With several vehicle/pedestrian accidents already accounted for on the Texas A&M campus this year alone. News 3 wanted to find out if it's an urban legend, Aggie tradition, or just plain myth that students always have the right of way on campus.
Chances are if you've lived in Bryan/College Station long enough you've heard that last part to be true, but is it?
"It's crazy, most people aren't looking. I almost got hit down there," A&M Student Thomas Seith said looking down the road.
"I've seen a guy fall off his bike because he had to stop really fast," Student Ashley Austin said.
They come on bicycle and by foot, but it's what's happening when they cross the street that has some Aggies concerned.
"Some of the students I've seen are real idiots about it," A&M Student Cory Perkins said. "They'll walk right out in front of a car, and expect them to stop."
Perkins says students often believe they always have the right of way since cars in the area are conditioned to stop.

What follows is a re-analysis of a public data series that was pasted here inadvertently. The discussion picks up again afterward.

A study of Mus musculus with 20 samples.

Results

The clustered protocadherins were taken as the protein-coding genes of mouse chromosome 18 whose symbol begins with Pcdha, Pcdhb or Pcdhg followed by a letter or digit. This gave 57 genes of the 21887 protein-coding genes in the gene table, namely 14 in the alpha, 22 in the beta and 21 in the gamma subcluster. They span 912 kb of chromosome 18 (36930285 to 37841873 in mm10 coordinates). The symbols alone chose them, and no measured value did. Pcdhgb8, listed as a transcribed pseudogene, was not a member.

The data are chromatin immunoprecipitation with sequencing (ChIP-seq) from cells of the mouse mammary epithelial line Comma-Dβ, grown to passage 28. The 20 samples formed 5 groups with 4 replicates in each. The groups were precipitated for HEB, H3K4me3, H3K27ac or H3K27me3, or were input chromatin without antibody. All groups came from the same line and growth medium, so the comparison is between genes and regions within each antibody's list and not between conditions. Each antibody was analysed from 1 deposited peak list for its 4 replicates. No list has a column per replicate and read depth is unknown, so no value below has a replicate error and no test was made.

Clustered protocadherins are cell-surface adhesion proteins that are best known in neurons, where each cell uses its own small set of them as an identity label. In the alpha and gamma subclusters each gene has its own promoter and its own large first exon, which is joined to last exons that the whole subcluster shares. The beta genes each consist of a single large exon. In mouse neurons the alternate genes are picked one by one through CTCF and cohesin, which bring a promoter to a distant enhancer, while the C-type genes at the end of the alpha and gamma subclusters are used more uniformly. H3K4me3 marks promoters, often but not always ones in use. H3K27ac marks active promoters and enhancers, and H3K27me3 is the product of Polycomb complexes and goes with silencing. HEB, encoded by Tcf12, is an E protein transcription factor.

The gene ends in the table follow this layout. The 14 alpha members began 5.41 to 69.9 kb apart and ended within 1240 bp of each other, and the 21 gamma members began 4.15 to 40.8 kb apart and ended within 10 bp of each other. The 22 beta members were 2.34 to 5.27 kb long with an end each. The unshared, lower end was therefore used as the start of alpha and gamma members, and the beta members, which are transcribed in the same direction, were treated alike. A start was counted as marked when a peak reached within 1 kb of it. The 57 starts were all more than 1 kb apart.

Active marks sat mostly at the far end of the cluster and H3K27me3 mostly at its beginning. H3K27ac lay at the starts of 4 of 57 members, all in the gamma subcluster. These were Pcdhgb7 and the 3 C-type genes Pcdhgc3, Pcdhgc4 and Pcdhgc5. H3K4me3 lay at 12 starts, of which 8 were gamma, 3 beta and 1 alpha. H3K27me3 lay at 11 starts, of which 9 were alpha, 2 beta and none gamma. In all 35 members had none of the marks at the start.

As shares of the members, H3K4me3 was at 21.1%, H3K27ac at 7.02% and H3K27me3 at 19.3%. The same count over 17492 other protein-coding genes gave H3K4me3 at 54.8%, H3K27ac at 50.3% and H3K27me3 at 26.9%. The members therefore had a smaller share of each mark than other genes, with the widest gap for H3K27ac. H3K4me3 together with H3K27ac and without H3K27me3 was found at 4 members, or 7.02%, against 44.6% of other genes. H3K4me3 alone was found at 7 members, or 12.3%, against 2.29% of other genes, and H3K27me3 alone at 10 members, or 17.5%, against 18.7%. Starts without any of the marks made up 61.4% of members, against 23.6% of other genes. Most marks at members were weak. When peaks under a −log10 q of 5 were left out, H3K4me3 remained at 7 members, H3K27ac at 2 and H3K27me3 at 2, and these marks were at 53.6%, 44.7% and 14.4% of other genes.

"I think it's the driver's responsibility to stop, but that doesn't help the student when the driver doesn't," Perkins said.
Right of way is given to students using crosswalks. But students crossing elsewhere, such as the middle of road, are supposed to yield to vehicles, but even then University Police Department says drivers hold some responsibility.
"The law also says the drivers must use due caution to avoid accidents with pedestrians," Sgt. H. Allan Baron with UPD said.
"We've had several happen this year alone, two to be exact," Bar on said.
One of those accidents was between an A&M bus, and a university employee last month. Police said then that the accident occurred after the bus stopped at a stop sign, and was attempting to turn when it struck the pedestrian.
The campus also saw another four vehicle/pedestrian accidents last year.
That's why police say they are actively patrolling certain campus areas, and if pedestrians or drivers are caught breaking the rules of the road--it can cost big.
"These tickets can run you up to 500 dollars," Baron said.
For Aggies students, looking twice, and maybe three times before crossing may just be the safest bet all around.
"I think pedestrians have right of way, but the cars are bigger," Austin said.